Using Business Intelligence to Enhance Practice Management

Twitter icon
Facebook icon
LinkedIn icon
e-mail icon
Google icon
 - Business Intelligence

In an environment where radiologists are consistently being asked to do more with less, a simple increase in production is no longer a viable remedy to a problem. Practice managers and physician owners need to work smarter, instead of just harder. Using business intelligence data for predictive analytics, they are beginning to run their practices more efficiently, but also more effectively, challenging the status quo and using data to affect change. Pat Epting, executive director of Radiology Associates of Clearwater (RAC) and former Radiology Business Management Association President, and Jana Landreth, CPA, MBA, director of practice management with Zotec Partners, share how they used business intelligence data to create a practice management model that works for RAC. The model has had a significant impact on the day-to-day operations, physician scheduling processes, relationships with customers, and has also contributed to the overall job satisfaction of the physicians.

If you do what you’ve always done…

“It was an evolution of the practice’s needs over time that really set us out on this journey,” recalls Epting. “During a period of growth, we took on more physician shareholders as our hospital systems customers consolidated. After some time, we were then facing the opposite situation wherein a number of our radiologists were retiring, and the remaining shareholders asked me, “How do we know if we need to replace them? Can you look into this? We’d like your advice.”

With hundreds of thousands of transactional data points at their disposal, Epting and Landreth used business intelligence to illustrate what services were required of the practice versus when the practice was producing them and created a predictive analytics model for optimizing staffing, the physician schedule and workflow management.

“We aggregated lines and lines of data to summarily describe what was happening in our business. Then, we used the analysis to advise our physicians and help them confidently manage their work day,” Epting continued.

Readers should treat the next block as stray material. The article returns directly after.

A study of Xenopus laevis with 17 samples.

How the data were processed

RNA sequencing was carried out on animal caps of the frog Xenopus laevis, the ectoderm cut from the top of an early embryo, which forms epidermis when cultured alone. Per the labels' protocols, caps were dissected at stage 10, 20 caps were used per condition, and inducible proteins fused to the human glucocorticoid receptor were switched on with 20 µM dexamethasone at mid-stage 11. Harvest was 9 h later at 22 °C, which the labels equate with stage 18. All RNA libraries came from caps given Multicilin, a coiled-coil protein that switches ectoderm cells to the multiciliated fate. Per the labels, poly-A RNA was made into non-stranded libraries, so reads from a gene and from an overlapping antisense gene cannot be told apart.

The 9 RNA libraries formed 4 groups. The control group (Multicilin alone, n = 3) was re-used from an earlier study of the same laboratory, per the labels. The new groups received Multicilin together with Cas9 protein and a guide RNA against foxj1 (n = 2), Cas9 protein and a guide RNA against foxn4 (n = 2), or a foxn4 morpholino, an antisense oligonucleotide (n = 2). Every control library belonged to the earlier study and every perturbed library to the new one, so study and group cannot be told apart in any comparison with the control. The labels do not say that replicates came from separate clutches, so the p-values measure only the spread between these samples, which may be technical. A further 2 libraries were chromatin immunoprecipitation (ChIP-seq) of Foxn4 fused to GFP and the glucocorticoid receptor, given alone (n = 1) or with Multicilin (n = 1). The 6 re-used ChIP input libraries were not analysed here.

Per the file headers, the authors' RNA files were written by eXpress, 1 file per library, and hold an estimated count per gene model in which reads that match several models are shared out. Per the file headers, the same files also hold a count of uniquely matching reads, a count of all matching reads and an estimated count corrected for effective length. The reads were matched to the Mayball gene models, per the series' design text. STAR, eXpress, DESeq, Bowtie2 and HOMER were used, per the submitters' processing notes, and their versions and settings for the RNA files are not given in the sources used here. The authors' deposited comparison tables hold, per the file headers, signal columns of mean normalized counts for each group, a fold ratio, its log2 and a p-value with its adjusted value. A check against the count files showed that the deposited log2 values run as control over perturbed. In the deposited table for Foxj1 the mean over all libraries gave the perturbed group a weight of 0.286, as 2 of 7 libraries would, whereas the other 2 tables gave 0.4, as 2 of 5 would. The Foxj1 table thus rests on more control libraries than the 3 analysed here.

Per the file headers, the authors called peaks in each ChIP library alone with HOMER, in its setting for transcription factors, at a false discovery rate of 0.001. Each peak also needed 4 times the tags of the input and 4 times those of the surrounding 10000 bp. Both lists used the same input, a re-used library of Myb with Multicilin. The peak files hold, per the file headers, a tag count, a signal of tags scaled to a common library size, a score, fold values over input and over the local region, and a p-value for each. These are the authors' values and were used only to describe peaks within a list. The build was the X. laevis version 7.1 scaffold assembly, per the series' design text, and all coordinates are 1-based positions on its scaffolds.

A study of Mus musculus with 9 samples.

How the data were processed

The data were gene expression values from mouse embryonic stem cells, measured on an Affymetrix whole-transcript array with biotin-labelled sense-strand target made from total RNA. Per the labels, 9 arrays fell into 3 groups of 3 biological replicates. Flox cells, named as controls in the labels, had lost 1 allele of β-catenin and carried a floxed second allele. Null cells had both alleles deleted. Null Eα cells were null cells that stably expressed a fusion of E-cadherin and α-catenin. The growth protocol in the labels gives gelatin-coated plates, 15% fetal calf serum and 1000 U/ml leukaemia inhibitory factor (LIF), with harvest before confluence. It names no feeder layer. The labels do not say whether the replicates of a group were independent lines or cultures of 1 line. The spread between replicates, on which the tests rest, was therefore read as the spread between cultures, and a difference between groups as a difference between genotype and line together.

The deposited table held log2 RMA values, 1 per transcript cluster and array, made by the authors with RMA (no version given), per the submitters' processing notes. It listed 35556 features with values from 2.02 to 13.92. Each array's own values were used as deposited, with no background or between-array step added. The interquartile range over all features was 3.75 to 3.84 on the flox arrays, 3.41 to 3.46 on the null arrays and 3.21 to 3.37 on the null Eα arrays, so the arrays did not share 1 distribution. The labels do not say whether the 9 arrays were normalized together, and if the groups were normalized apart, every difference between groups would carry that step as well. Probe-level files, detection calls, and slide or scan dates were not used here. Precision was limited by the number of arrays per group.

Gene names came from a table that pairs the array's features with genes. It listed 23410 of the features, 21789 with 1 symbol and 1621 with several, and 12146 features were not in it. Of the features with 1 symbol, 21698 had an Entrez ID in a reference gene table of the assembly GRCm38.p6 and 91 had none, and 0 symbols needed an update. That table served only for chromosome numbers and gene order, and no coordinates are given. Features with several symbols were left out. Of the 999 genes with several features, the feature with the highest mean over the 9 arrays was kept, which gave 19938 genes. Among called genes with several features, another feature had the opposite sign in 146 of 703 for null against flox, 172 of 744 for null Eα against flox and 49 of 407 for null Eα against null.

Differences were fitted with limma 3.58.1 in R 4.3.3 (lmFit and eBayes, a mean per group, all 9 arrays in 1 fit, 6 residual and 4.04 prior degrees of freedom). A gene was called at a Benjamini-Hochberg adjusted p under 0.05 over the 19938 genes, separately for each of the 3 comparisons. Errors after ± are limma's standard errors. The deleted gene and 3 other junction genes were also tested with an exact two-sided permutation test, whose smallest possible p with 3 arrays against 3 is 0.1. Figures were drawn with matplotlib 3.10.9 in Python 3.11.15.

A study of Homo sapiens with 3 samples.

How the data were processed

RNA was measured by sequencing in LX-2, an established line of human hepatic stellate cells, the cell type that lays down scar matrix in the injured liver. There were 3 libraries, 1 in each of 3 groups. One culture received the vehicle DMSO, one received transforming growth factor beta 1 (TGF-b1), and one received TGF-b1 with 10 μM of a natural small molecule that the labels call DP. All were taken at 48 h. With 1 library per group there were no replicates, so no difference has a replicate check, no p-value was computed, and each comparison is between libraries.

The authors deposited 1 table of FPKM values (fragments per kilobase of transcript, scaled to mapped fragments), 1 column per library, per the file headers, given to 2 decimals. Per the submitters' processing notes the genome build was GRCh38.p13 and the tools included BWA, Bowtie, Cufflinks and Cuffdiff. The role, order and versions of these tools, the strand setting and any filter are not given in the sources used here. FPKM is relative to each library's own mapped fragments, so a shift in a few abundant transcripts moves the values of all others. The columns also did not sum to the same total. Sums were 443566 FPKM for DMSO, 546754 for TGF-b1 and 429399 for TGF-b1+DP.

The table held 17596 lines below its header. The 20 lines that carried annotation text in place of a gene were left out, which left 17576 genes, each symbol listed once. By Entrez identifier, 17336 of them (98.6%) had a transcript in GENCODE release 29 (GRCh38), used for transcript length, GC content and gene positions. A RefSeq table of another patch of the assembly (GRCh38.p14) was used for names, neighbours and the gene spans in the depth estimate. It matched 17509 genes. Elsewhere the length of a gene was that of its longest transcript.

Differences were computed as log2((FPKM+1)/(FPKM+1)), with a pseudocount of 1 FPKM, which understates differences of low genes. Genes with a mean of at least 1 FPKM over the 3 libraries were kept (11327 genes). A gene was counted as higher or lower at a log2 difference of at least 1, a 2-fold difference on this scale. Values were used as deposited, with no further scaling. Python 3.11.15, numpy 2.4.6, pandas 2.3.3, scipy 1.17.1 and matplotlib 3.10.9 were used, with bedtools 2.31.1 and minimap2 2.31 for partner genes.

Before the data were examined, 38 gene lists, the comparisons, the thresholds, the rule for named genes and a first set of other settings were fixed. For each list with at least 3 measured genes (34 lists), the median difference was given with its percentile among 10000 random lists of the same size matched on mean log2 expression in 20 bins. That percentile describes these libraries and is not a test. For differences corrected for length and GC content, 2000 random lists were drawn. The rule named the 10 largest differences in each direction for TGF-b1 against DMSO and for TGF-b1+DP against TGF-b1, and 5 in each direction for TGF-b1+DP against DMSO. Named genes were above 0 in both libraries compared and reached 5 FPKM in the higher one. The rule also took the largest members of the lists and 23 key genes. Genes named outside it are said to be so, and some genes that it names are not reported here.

“An evolution was also taking place among practice leaders,” Landreth added, “accepting and embracing the use of business intelligence to help manage what they had historically managed almost completely through experience and feelings.”

The result was a practice management model that predicts and monitors staffing, scheduling and workflow for the practice, as well as a clear understanding of the business as a whole, creating a “health check” for present operations and a solid foundation for future planning.

Looking beyond an increase in volume

For radiologists, who more than likely spent most of their young adult lives training to become doctors, not running businesses, the task of mining data to inform a decision is a daunting one. Landreth and Epting started their project by looking at the resources the practice was providing alongside the work that was being presented to the practice, and then analyzing whether or not the two were complimentary.

“Radiology groups are called upon more and more to use business intelligence to effectively manage resources and prove that effectiveness to customers,” Landreth counsels. There are only a certain number of hours in a day, therefore practice managers and physician owners have to look at the options the data is offering as quality evidence they can use to institute effective changes that will positively impact the business, rather than asking radiologists to increase their workload.

According to Landreth and Epting, the data used to create their model can typically be found in the scheduling software, the financial statements, the hospital information system, and the billing system. The challenge lies in that the information exists in organizational silos, isolated from the other information and rarely looked at holistically. “We married this information – the time, date and substance of the patient encounter performed by an identified physician on a specified shift with a certain financial outcome – to show a broader, aggregated perspective on the countless transactions taking place every day,” Landreth explains.

Practical applications

Many practices schedule physicians and staff based on a legacy model, referring to “the way it has always been done.” Radiologists typically complete a rotation in their practice schedules, so the distribution of work is equitable, or is perceived as such. When the industry transitioned to a PACS environment, radiologists moved from

Claudette Lew is associate editor of ImagingBiz.